Examples of Postposition Use

Essentially, the rule is that the object comes first. Look at these several examples of postposition use:

Loko:

  • Ada dyna diakoka no, to kodibio. Tree branch on is it, the bird. (The object comes first).
  • Bahy nin. Home at. (Not “At home”).
  • D’osa bahy loko nro. (I go (the) house into). (Not, “I go into the house”.

Garifuna:

Postposition use seems more affected by modern speech, but examples still exist. Garifuna has an orthography that affixes most postpositions directly to the object.

  • Yaraun (There towards) (Not “towards there”).
  • Balisin    (Belice towards)
  • Induragien (Honduras from)

Wayuu:

Writers in Wayuu tend to use postpositions as a prefix as well. Many verbs in Wayuu have a case that reflects position, however.

  • O’uneechi taya Maicaomuin (Maicao + amuin). (I shall go Maicao towards).
  • Kaseeru pulu’ujaka pipialu’ujee sulu’u wuusu? (What are you going to take your house from on(it) (the)bus?) (Not “from your house”).
  • Toikkeeru cha meetkaaralu’u (meetkaara + alu’u). (I shall sell it there (the) market in) (not “there in the market”).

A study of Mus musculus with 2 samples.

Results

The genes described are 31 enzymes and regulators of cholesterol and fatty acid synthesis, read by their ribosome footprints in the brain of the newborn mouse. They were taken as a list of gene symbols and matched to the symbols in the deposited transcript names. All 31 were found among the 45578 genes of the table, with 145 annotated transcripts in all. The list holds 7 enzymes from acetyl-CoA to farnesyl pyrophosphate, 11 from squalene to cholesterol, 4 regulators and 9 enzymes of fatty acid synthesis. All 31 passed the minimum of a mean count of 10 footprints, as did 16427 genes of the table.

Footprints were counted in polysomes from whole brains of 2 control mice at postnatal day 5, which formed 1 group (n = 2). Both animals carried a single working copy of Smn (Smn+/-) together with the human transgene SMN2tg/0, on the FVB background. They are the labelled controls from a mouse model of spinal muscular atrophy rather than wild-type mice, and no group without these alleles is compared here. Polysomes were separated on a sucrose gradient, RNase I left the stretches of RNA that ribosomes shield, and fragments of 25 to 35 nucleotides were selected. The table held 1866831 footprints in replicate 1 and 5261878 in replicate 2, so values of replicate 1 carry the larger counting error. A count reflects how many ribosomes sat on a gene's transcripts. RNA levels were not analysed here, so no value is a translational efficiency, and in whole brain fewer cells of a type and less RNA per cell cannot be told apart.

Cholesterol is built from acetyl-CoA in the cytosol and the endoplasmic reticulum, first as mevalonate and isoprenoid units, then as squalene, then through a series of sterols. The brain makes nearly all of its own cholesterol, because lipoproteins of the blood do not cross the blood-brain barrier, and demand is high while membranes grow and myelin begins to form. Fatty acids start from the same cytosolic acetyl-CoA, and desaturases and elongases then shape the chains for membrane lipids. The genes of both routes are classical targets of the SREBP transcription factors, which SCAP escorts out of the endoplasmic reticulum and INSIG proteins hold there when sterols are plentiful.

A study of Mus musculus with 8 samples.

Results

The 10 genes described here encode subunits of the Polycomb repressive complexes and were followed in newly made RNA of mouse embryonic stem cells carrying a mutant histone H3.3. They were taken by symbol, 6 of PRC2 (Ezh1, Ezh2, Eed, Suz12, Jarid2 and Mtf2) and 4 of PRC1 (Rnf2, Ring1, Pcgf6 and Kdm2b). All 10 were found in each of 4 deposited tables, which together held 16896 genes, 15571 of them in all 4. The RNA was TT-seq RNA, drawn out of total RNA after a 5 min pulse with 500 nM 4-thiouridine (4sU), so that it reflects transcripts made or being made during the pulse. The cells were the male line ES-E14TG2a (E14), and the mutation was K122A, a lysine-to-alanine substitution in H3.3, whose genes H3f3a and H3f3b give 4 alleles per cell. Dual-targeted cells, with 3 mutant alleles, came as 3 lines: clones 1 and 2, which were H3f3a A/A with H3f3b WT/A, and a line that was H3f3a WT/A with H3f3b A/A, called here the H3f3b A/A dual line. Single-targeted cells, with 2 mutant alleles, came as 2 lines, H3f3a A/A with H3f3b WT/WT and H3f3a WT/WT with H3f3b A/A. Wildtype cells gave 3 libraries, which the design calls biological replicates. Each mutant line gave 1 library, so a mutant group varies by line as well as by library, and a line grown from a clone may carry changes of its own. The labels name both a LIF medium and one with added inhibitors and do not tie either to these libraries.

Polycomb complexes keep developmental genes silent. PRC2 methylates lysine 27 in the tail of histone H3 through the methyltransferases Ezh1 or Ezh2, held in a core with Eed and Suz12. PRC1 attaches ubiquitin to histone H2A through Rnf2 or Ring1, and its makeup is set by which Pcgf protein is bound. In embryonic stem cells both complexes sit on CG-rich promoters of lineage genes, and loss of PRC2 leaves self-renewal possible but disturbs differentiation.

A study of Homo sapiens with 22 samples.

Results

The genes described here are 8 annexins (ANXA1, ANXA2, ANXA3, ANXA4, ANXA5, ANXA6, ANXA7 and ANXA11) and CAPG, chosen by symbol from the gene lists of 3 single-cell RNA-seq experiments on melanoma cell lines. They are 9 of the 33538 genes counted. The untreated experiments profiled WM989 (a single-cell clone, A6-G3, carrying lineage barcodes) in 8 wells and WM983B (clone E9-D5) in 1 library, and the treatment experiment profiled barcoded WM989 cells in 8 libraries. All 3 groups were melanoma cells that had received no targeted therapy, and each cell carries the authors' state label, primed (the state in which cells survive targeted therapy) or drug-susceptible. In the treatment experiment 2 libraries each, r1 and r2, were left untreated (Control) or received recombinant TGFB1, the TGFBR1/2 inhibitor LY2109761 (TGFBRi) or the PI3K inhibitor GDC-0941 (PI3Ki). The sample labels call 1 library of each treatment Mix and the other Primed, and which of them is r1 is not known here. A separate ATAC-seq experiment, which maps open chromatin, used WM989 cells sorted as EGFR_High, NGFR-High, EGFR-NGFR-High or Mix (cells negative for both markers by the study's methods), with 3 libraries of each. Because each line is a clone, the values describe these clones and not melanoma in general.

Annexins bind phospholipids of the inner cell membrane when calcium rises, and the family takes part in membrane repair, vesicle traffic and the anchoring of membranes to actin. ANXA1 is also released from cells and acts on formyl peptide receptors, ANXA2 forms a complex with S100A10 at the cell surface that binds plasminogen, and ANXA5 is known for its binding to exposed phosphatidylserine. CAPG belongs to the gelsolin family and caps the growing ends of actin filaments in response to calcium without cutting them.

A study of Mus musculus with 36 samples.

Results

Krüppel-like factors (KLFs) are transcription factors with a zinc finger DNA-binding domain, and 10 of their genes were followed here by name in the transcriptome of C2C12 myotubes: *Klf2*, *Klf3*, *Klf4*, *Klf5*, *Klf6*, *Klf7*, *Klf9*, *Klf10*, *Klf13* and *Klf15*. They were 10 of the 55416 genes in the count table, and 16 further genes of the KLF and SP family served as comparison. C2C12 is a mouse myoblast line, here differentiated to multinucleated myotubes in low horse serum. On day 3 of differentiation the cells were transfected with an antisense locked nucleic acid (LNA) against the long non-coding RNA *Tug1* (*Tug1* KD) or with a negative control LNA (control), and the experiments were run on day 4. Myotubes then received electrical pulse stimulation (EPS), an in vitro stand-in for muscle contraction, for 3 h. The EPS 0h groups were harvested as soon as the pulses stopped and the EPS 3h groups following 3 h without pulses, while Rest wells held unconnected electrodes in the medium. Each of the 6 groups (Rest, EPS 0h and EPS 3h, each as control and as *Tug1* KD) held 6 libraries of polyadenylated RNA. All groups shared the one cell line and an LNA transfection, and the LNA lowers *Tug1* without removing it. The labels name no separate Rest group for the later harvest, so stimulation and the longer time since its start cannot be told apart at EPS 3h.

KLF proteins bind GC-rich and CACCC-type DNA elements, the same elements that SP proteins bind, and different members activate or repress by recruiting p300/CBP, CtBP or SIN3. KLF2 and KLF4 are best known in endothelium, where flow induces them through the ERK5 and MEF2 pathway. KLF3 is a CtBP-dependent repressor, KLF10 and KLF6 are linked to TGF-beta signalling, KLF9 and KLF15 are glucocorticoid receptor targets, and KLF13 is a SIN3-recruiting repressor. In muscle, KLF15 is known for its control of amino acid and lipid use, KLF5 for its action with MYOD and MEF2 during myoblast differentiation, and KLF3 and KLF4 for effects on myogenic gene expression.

In conclusion, using positions depends on the context. Having reviewed examples, I can say that I would write my lasts posts in Taino differently, but this is part of the process of revitalization. It appears, that whether the postposition will follow or precede the word depends on two factors 1) Context, whether the word is a direct or indirect object; and 2) whether the postpostition has been inflected for person or tense; and 3) the specific postposition being used; some have a specific place that they will always occupy.

Knowing this, look at the post in Taino and determine for yourself how you would articulate those statements.


  1. This is consistent on what is already known by Coll y Toste in his translation of “Our Father”.

    Guakia Baba turey toca (Our Father, Heaven Is) . First line.

    The Jatibonuco Tribal Council writes this example

    Naboria daca = Worker (Servant), I am

    These are all consistent that the sentence structure was retained as part of the Arawak heritage of the Taino language. The part that I find interesting is that this is common to Asian languages (Hindu/Japanese). Is this perhaps a remnant of the immigration to the Americas by ancient humans through the Bering Bridge? Who knows.